OPINION: The liberal arts hold significance not measurable by conventional statistical analysis

Critics of the liberal arts raise concern that the benefits of an education in the humanities fall short of the costs (Photo courtesy of Mark Bonica/Flickr).
Critics of the liberal arts raise concern that the benefits of an education in the humanities fall short of the costs (Photo courtesy of Mark Bonica/Flickr).

Perhaps the most common and most bothersome question every student is asked, starting in the latter years of high school and ending—I hope—after college graduation, is in regard to one’s intended area of academic pursuit.

“ What is your major?”

“ What do you want to study?”

“ What do you want to do with your life?”

“ What career interests you?”

“ Where do you see yourself in 10 years?”

These are all awfully good questions. So good, in fact, that I can confidently answer none of them. I suspect I am not alone in my befuddlement.

There are some students, however, who can answer these questions, and they are wiser people than I am. They are future teachers and doctors, engineers and entrepreneurs, inventors and authors, and they all seem to know exactly what their life’s purpose is. I envy them.

For those that can, or at any rate, do answer these questions, there are inevitable responses: praises for the STEM majors and smiles for the rest. For those that cannot, there are similar suggestions: go STEM if you can stomach it. Research shows that technical degrees such as engineering qualify students for a higher profit career and help them get hired. But is this the right approach? Is a college education’s only purpose to better prepare young people for jobs? We are certainly beginning to treat it that way.

Schools that have good STEM programs receive benefits, and those schools that struggle with post-graduate student employment are threatened to boost technical enrollment or lose funding. Departments of English, theology, philosophy, history and the rest are all constantly made to justify their existence. Students who take a degree in one of these fields and struggle to find a job are told that their education was a waste and that their studies were pointless.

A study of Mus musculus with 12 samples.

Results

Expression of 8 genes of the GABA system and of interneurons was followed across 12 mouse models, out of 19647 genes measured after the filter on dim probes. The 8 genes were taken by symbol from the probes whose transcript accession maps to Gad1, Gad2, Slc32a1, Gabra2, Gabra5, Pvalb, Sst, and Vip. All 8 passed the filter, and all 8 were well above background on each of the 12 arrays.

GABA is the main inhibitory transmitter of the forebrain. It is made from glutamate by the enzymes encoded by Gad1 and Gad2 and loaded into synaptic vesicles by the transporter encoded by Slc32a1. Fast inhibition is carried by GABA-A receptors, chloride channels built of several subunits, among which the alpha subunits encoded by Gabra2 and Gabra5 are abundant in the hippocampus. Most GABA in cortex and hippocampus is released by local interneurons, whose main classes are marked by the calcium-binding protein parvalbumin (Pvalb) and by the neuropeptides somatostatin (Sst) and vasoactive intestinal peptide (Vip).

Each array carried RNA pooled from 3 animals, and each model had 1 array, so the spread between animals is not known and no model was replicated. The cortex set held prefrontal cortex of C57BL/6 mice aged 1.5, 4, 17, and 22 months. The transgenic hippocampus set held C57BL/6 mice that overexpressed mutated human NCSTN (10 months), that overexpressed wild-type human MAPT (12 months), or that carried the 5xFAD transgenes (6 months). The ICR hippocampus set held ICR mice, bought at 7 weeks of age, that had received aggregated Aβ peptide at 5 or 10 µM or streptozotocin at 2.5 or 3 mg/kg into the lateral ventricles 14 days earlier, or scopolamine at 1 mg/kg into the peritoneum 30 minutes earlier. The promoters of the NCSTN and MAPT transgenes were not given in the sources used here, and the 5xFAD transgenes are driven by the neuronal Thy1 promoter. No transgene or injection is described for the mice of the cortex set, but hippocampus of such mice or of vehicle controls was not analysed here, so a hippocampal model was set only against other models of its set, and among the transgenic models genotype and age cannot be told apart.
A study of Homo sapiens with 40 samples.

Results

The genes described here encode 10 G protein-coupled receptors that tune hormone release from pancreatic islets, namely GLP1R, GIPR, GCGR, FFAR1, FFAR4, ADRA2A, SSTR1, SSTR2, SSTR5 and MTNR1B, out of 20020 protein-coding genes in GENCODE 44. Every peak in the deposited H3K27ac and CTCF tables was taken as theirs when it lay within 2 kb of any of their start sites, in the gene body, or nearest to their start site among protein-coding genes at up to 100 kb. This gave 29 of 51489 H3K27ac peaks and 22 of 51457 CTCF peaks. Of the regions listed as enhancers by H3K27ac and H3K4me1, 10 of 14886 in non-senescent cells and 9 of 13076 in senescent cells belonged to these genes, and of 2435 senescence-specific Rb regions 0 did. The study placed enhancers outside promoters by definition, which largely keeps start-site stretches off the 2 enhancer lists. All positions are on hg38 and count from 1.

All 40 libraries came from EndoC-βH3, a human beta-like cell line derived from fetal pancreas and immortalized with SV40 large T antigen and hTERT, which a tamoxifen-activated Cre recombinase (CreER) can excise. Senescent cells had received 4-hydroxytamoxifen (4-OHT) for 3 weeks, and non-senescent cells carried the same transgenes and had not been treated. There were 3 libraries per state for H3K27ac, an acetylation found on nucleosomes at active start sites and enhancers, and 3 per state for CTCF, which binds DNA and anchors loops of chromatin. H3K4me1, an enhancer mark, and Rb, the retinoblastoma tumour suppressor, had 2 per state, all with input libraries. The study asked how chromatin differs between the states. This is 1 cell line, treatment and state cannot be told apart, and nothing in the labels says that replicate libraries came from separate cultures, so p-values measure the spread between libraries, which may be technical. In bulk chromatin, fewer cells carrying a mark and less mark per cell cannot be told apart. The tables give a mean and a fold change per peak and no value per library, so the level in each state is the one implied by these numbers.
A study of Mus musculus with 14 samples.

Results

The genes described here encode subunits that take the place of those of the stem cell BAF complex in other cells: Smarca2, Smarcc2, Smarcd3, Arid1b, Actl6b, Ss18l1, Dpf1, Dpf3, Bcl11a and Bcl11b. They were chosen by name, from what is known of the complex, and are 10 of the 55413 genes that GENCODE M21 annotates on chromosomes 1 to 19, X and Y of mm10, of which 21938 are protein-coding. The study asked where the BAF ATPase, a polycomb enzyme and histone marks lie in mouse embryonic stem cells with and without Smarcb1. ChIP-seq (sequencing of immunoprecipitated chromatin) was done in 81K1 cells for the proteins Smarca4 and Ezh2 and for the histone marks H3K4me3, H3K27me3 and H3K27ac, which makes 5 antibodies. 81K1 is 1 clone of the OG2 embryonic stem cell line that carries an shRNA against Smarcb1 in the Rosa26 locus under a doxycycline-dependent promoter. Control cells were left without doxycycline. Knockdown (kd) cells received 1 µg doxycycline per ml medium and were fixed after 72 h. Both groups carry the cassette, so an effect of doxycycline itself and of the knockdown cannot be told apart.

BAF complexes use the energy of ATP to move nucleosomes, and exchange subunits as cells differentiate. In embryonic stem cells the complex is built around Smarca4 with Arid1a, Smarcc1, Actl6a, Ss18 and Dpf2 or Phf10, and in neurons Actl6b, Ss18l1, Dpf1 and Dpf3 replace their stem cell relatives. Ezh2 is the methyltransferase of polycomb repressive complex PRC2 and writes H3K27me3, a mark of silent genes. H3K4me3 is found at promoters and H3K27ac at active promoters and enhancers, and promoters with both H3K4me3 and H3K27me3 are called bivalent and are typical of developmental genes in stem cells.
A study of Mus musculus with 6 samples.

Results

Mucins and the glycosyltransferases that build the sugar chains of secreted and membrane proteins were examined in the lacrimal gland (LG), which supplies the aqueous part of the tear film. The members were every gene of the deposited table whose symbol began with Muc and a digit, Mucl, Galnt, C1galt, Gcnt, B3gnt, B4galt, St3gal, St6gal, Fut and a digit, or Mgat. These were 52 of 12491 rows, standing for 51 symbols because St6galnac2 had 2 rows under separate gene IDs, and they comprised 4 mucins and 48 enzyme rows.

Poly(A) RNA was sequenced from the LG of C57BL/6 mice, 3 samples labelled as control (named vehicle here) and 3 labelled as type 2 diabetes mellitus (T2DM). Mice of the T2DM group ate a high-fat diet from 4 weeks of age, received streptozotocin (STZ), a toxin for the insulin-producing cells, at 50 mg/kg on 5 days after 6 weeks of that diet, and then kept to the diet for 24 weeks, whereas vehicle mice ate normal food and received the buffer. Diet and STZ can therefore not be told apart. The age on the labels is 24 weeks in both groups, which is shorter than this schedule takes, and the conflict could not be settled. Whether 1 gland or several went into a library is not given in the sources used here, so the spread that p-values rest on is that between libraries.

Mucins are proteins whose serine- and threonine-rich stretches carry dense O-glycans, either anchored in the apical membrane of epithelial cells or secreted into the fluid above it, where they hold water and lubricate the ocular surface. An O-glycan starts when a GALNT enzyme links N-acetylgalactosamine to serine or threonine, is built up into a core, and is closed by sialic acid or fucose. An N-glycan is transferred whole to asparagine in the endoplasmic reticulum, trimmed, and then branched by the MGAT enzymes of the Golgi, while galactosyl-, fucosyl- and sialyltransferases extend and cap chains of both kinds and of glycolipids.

I refuse to accept that the sole purpose of college is to increase employability. Education can be career-oriented, to be sure, but it is certainly a fault to pretend that all education is career-oriented.

Most education began as person-oriented. Studies were not seen as a means to a job, but as an enrichment of the soul. This is in few places more obvious than in the High Middle-Ages, where theology (that unemployable waste) was the critical class at universities. Theology was referred to as "The Queen of the Sciences" and was the culmination of the all higher learning – it had no care for jobs and capital, but for the person and the soul. The complete implementation of such an education is obviously now impractical in a world driven by degree-holding enterprise, but it should not be forgotten.

America has given the world a great gift – the liberal arts college. But she is slowly turning her back on it. The humanities cannot be held to the same success standards as the technical fields (innovation, modernization, technical proficiency) because they do not concern the same items and do not have the same goal. The constant pressure on humanities to measure up to a standard they were not intended to fit has produced rather sadly comic results – there was some study done a few years back that the average readership of an academic article in a moral philosophy journal is about one and a half (the philosophers would add that the one reader was their mother). The liberal arts should not be measured by productivity and innovation, but by, as John Henry Newman writes, the formation of “a habit of mind … which lasts through life, of which the attributes are freedom, equitableness, calmness, moderation, and wisdom”.

I do not, of course, mean to denigrate the physical sciences and technological studies. I only ask that we do not fall victim to the sterility of statistics, that different educations be treated differently and that the traditions of liberal learning not be given up without a rollicking and fervent fight.

The opinions expressed in this piece are those of the author and do not necessarily reflect the views of the publication.